Canadian seniors who are collecting Old Age Security (OAS) pensions are trying to figure out ways to earn more money without being hit with extra taxes.
In 2020, the OAS clawback kicks in at an income level of $79,054. Every dollar above that amount triggers a 15% pension recovery tax that the CRA implements until the full OAS pension is wiped out at the maximum income recovery threshold of $128,137.
A retirement income of $79,000 for an individual might sound high, but it doesn’t take long to hit that target if a person has a decent company pension and is also receiving full CPP and OAS pensions as well as income from RRIF payments and taxable investments. In addition, some people have part-time jobs or rental properties.
One way to boost earnings without putting your OAS at risk is to generate the income inside a Tax-Free Savings Account (TFSA). The vehicle has become a valuable tool for investors of all ages since its inception in 2009, but retirees can really take advantage of the benefits.
Income and capital gains generated inside the TFSA are not taxed and the withdrawal of funds is not used by the CRA when net world income is calculated to determine potential OAS clawbacks.
Dividend stocks are popular for generating income right now, as GICs currently offer rates that barely cover inflation. That scenario isn’t expected to change in the medium term.
Let’s take a look at one top Canadian dividend stock that might be an interesting pick to start a balanced TFSA income portfolio.
The company has a proven track record of delivering reliable and growing dividends supported by free cash flow. BCE just raised the dividend by 5% for 2020, bringing the annualized payout to $3.33 per share.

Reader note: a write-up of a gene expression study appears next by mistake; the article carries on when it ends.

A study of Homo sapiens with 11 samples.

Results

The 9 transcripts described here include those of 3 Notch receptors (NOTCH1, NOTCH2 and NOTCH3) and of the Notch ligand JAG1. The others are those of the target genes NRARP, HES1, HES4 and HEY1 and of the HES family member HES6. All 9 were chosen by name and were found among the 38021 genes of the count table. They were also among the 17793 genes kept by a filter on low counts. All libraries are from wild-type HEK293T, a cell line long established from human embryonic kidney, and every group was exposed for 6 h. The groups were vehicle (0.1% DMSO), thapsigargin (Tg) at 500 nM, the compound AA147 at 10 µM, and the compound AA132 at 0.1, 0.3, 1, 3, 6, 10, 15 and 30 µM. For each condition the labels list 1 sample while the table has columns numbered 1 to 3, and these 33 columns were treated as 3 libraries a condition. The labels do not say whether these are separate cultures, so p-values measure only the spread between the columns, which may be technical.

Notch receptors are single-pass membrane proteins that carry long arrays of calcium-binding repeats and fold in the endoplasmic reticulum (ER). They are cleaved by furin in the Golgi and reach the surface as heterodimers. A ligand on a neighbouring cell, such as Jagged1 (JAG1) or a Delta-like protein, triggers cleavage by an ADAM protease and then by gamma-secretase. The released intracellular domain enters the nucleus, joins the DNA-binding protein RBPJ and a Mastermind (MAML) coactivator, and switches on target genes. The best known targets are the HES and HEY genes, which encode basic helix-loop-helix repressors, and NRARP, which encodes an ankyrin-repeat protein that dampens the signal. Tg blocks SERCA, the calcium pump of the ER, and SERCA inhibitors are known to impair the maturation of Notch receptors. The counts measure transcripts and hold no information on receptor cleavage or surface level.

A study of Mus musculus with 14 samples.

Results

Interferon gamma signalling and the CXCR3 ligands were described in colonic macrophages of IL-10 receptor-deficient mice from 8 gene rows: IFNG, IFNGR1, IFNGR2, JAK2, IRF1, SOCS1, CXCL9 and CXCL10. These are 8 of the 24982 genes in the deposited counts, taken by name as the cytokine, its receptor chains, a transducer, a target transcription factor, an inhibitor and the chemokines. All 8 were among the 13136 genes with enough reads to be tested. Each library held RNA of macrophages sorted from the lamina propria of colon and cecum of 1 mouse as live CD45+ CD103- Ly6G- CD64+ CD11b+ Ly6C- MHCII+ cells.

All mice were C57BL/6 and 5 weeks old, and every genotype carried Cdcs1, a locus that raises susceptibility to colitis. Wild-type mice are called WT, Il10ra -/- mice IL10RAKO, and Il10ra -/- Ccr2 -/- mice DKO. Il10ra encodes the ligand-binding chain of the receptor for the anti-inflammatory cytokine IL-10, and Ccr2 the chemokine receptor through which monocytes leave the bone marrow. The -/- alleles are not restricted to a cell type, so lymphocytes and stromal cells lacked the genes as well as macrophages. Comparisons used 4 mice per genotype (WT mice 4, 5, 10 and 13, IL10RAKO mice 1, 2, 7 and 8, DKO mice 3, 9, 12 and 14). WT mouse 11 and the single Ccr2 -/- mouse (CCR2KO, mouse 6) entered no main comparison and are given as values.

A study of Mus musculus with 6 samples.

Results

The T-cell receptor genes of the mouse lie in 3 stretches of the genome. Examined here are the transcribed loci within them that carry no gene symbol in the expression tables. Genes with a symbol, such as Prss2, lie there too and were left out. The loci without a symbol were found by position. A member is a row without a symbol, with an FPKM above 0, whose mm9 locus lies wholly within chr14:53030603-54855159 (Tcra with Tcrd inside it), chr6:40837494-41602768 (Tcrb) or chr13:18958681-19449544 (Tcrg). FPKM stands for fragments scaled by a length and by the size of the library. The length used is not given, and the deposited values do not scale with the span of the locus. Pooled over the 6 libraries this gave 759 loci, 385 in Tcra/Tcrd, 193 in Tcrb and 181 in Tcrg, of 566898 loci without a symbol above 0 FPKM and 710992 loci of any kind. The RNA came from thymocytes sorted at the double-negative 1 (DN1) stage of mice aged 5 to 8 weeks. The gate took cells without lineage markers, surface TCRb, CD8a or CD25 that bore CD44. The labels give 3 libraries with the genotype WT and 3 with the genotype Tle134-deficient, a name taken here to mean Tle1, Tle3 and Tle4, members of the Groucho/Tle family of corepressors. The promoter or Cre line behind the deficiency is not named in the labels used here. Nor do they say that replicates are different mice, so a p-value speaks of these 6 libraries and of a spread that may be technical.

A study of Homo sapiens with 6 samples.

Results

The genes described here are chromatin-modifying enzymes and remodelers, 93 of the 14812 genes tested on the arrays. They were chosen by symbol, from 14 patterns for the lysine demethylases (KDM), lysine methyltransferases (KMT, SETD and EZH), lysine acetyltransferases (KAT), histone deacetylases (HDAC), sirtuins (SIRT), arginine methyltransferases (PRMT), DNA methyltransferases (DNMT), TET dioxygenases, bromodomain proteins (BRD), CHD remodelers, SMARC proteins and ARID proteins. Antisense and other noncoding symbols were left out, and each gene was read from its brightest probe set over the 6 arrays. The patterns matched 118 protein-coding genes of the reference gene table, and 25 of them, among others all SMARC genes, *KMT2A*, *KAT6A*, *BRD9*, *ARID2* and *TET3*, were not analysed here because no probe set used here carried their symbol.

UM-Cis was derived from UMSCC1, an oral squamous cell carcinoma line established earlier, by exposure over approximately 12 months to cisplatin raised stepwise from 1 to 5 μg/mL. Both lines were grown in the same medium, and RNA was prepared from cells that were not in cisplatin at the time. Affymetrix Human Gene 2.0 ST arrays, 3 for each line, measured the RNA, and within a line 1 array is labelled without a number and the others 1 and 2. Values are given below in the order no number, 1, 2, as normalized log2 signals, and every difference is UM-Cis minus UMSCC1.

This is the 12th straight year the board has raised the payout by at least 5%.
BCE reported solid 2019 results that met its targets. The company signed up 743,000 net new wireless, internet, and IPTV subscribers over the 12 months, representing a 5% increase compared to 2018.
Free cash flow growth was 7% for 2019, and BCE is providing guidance of 3-7% growth for 2020.
The company continues to invest heavily in network upgrades to ensure it protects its competitive advantage while meeting rising demand for broadband as video streaming continues to grow. BCE’s fibre-to-the-premises program is installing direct fibre links to residential and business customers.
In preparation for the next generation of smartphones, BCE is also rolling out its 5G mobile network.
Low interest rates and declining bond yields are helping BCE. The company uses debt to fund part of its capital program and reduced borrowing costs can result in more cash being available for distributions to shareholders.
The trend in low rates is expected to continue for some time, as global markets prepare for a potential economic downturn caused by trade battles and the impact of the recent coronavirus outbreak in China.
The stock has more than doubled in the past decade, providing a nice bonus for income investors. BCE currently offers a solid 5.2% dividend yield.
The bottom line
BCE should continue to be a steady holding for a diversified TFSA income fund designed to generate tax-free income.
The TSX Index is home to many high-quality dividend stocks that offer yields in the 4-6% range. A balanced portfolio could easily produce an average return of 5%.
The cumulative TFSA contribution limit is $69,500 in 2020. A yield of 5% on that amount generates $3,475 in annual income that wouldn’t be counted toward a potential OAS clawback.